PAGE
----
Changes in the educational world have left a good many teachers frustrated. That is likely the understatement of this decade, right? New laws, new mandates, new standards, new everything, it seems like. I have discussions with teachers and school leaders all over the country. Scratch that, I am in Bogota, Colombia, so I can say I have discussions with teachers all over the world, and I hear the same thing, “Just leave me alone and let me teach.” Well, almost. Many teachers are finding great relief in their frustration by becoming a part of a real learning community. I don’t mean the kind that meets just to talk about the field trip permission forms (although a few minutes of housekeeping likely eases burdens, as well); I am talking about real learning communities that work together to make teaching and learning better for teachers and students. There is an assumption apparent in this model---we need to be able to get along in the sandbox in order to work together for the greater good.
I have had the honor and privilege of working with grade level teams at the elementary level who are ROCK STARS at building community among the group. They lift each other up (some say “they fill each other’s bucket”), they share resources and ideas, they plan lessons together, they watch each other teach and give each other “critical colleague” feedback. And why not? We will retire someday, having worked in education for whatever number of years. My question is: do we want to say we “made it through the storm” or do we want to say “we made the best of our life’s work by working together”?
As many of you know, I was diagnosed with breast cancer in early May, went through several surgeries throughout the summer and fall and am now able to call myself a “Survivor”. When a friend and former colleague (at a neighboring elementary school to the one at which I was Principal for many years) was diagnosed with breast cancer a few weeks ago, we began messaging each other and lifting each other up. We now refer to one another as “bosom buddies”! People may remark, “I didn’t know you and she were such close friends.” Well, it may be that going through a difficult time has bonded us more. Like survivors on the Titanic, there seems to be some strength in bonding, sharing stories, and sharing experience, strength and hope (friends of Bill W. will certainly recognize that reference). I firmly believe having someone in our corner can make the difference between surviving tough times (whether that is simply a bad day where a parent wrote a rude note to me or whether I am going through the final stages of hospice care for my mother), people need people. Why not, instead of going it alone, reach out and hold another person’s hand? Anyone who does such a thing will find the giver “gets” just as much as the receiver does. Anyone who has ever done mission work knows exactly what I mean.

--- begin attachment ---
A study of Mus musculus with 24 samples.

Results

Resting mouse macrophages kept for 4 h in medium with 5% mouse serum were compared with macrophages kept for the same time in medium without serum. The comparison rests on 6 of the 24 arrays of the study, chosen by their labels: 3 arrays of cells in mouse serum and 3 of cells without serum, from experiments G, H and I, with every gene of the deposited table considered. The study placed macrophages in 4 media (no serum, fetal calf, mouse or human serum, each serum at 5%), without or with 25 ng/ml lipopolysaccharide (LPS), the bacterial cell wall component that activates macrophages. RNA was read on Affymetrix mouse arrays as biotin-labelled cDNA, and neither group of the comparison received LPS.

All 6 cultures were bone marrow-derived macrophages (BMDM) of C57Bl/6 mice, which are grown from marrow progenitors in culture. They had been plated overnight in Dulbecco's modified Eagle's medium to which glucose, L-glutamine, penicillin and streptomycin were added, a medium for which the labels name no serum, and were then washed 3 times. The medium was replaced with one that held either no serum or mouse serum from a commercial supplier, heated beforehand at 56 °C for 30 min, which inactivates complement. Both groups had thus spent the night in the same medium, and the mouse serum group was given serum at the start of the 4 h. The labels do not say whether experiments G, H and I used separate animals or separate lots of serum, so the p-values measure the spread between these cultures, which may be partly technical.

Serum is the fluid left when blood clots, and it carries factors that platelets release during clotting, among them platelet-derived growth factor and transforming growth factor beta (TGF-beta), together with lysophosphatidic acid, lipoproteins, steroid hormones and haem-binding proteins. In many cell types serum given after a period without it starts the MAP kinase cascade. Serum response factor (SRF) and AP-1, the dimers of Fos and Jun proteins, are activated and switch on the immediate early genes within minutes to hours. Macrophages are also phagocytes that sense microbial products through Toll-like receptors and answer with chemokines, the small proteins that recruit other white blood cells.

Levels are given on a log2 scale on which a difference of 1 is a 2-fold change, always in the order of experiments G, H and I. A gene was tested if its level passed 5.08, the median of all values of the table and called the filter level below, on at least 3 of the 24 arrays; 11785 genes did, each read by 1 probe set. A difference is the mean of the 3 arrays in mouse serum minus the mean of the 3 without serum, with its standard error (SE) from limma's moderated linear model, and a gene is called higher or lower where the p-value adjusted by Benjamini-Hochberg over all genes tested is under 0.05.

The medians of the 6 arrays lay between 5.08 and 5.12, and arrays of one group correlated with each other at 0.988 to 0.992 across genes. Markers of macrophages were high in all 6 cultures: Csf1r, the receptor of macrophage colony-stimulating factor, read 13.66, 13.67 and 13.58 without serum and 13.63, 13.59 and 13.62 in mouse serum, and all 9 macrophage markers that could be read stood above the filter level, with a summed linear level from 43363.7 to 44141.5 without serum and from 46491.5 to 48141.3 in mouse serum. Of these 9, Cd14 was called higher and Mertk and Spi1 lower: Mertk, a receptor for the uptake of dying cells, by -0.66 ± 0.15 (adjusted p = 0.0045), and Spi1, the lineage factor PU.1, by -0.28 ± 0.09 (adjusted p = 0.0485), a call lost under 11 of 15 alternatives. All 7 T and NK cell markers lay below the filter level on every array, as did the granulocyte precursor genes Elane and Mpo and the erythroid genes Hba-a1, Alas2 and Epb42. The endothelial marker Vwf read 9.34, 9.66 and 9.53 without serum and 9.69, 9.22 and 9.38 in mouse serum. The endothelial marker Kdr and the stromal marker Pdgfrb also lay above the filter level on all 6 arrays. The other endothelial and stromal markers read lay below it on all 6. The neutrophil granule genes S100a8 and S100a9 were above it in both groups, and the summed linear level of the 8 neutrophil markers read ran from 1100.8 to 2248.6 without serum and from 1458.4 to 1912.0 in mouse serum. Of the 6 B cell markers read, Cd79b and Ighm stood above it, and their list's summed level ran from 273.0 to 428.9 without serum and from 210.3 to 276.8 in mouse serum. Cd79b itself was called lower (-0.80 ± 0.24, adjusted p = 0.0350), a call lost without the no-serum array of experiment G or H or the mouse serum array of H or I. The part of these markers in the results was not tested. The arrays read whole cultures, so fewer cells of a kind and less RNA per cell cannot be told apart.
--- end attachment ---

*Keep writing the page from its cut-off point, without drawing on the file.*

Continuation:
Collaboration improves trust and communication among teachers. Teachers who regularly collaborate find their work to be more fun, as well. This week has been a week of focusing on collaboration, as I not only gave a keynote and taught a workshop in North Carolina for school leaders on this very topic, but collaboration is also the discussion and study topic for a class I am teaching for Masters’ and Doctoral students at Walden University.
Perhaps we need to be reminded of all the ways that collaboration can help us, in our work, in our play, in fun times and in stressful times.